The craft brewing movement, while undeniably a boon, has had arguably one downside: erasing the bock beer “season”. Attenuated as the tradition was by then, into the 1980s beer fans dutifully awaited the few springtime bock beers still available. In Canada, at least in Ontario and Quebec, Molson had a Spring Bock and Labatt a Super Bock. If you hopped over the border you could find a bock from Genessee and some other American brewers.
In general, these were darker than the regular issue, and the Super Bock at any rate a point or so higher in alcohol. Label images for these are online, even some reviews as some products lasted into the early years of online rating.
I remember the beers as mild-tasting, with a light molasses or dark sugar note.
Viz. bock’s origin: beer historical studies have advanced in the last decade but not much to alter the generally-accepted account, namely that a strong beer, partly made with wheat, emerged in Einbeck, Germany in the Hanover district early in the 1300s.
The beer was made then necessarily by top-fermentation, and later adopted and altered in distant Bavaria. Einbeck, the place of origin, was corrupted in Bavarian dialect as ein bock. A key stage in the evolution was, finally, bottom-fermentation, the way most bock and its variants are brewed today.
However, the Weizen Bock of Germany may recall the older style since it is top-fermented and to boot uses both malted wheat with the barley malt.
Because bock in German means goat, and the kick of a goat recalled for some the unusual strength of bock beer, the goat and its iconography became forever associated with bock beer.
From the late-1800s until the present day more fanciful or “heroic” explanations are offered, some connected to the goat aspect. One is that two knights had a drinking competition and the loser was viewed as butted by a goat via the winner’s tankard. Variations on the butting and goat story abound.
The long-discredited, sediment-in-the-vat theory occasionally still appears. It must have seemed silly even in the late-1800s as only the occasional story in that period refers to it.
And so Einbeck must claim the honour of the beer’s origin, at least until a more persuasive theory emerges.
A good account of bock, in 1936, appears in a Plattsburgh, NY newspaper. It takes more trouble over the details than most. The part about toasting the fertility goddess makes sense, it’s the idea of the last season’s malt and hops being honoured, or as midwife to anticipated bounty from the new season.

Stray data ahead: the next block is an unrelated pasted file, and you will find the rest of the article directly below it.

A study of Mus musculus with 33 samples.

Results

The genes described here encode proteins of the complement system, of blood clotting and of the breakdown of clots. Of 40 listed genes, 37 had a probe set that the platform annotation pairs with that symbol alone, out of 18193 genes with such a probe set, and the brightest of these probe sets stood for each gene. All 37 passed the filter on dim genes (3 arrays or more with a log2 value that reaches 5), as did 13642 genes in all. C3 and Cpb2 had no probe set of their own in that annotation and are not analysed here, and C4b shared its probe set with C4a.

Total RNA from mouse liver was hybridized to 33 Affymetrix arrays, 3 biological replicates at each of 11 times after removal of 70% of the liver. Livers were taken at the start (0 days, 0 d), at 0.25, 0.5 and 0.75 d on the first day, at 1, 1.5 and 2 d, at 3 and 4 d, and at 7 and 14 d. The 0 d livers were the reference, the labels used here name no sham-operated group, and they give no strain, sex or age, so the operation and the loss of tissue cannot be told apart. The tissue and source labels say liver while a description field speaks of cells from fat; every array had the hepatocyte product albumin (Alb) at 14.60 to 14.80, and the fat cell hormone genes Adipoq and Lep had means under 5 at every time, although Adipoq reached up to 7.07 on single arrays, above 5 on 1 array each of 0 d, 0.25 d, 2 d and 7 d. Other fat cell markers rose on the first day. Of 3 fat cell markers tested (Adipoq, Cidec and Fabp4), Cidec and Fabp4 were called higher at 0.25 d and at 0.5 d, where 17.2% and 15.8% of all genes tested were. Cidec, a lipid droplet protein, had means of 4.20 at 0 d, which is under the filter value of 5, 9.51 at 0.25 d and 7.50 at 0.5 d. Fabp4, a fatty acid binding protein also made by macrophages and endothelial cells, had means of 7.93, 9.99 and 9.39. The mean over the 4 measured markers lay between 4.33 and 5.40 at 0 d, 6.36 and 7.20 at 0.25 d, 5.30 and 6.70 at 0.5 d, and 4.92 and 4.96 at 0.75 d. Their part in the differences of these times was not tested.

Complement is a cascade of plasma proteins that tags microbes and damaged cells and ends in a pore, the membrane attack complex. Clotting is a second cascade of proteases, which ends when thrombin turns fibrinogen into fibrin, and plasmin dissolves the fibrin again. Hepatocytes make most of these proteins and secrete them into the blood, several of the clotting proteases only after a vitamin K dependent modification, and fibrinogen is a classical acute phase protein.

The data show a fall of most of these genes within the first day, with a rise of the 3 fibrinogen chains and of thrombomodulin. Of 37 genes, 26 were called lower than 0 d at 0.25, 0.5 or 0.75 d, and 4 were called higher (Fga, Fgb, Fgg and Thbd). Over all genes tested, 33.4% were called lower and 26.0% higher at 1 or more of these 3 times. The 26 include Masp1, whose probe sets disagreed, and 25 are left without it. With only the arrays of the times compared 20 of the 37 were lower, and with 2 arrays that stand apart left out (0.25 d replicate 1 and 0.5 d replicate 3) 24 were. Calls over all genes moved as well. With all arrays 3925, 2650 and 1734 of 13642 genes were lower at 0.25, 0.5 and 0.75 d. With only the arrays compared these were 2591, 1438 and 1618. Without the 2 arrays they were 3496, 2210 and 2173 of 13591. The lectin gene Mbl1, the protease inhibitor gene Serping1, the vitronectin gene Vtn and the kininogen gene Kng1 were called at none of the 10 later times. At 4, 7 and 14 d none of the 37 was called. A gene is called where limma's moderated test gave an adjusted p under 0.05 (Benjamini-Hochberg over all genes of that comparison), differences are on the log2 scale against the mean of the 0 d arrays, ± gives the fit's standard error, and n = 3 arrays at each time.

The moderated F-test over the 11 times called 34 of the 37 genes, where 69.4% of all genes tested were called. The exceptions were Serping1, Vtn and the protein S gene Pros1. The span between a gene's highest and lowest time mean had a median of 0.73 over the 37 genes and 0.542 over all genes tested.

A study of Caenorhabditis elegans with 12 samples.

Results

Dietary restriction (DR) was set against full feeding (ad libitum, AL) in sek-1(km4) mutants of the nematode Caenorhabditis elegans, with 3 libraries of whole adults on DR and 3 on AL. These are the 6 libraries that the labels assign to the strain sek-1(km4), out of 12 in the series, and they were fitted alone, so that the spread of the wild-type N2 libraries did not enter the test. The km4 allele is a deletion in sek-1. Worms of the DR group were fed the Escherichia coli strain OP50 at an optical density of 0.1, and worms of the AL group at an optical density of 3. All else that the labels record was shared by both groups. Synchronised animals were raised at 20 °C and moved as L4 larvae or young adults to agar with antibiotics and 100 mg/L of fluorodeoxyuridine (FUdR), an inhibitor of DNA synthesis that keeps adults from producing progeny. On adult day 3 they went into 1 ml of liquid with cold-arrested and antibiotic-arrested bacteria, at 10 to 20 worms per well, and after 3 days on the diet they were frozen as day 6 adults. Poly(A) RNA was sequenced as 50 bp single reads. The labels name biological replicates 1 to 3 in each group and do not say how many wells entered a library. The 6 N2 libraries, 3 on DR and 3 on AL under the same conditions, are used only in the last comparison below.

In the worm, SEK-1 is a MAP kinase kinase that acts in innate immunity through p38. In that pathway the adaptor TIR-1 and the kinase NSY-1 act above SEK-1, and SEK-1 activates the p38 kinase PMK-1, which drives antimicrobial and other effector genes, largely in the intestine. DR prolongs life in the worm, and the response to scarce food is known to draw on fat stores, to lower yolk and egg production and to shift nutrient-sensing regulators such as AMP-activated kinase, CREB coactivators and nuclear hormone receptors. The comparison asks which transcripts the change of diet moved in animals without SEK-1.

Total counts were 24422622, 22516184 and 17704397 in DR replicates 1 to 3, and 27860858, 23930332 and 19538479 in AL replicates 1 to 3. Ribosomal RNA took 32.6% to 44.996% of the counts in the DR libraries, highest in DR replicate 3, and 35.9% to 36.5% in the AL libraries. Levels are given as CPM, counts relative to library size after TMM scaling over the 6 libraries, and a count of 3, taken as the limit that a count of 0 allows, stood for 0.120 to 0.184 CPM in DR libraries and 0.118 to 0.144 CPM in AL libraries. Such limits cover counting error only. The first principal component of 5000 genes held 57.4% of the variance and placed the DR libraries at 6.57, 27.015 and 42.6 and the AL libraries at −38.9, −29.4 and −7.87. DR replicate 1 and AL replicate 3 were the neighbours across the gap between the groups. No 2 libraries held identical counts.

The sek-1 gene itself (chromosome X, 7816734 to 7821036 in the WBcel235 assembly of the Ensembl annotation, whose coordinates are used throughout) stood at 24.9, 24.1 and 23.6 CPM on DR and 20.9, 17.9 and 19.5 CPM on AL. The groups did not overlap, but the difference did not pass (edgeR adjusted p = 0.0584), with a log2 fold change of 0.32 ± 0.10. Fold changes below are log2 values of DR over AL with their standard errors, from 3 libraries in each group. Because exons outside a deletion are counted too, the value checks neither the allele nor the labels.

The time for bock America was anywhere from the beginning of March to early May. March is the German season, but it was often extended in North America. Perhaps this was because Americans issued one bock, generally a dark beer, and eschewed the lighter-coloured Helles Bock that appears in May in the German calendar.
Craft brewing hasn’t quite ignored bock beer. In Ontario I’d guess about a dozen brands carry the name year in, year out, although some aren’t really a bock or use unorthodox ingredients such as coffee or chocolate.
These beers nonetheless are usually quite good. But few or none really emulate the German palate which is an intense, molasses-like taste. Steely, mineral German hops play an important role too but without dominating the taste.
What accounts for that molasses is hard to say, malt types play a role but we can import those. I suspect double-decoction mashing may be decisive.
The Doppel-Hirsch pictured, from Germany, is a classic bock albeit lighter than some I’ve had (despite the doppel designation). Doppel is, or can be, almost a separate style but a signature taste informs all dark bock, in my experience. There are yet further variations, not just Helles Bock (or Maibock) but the strong Eisbock, all worth exploring.
Note to Ontario breweries. Make the most authentic bock(s) you can and create a bock beer festival. There is still enough resonance in the folk memory from the bock tradition. People will respond to it gladly.
Note re images: the first image is from an April 30, 1935 news article in the Commercial Advertiser, Potsdam, NY, sourced from the NYS digital newspaper archive, here. The second image is from the 1936 article, in the same archive, linked in the text. Images are believed available for educational and historical purposes. All intellectual property therein belongs solely to their owner or authorized users. All feedback welcomed.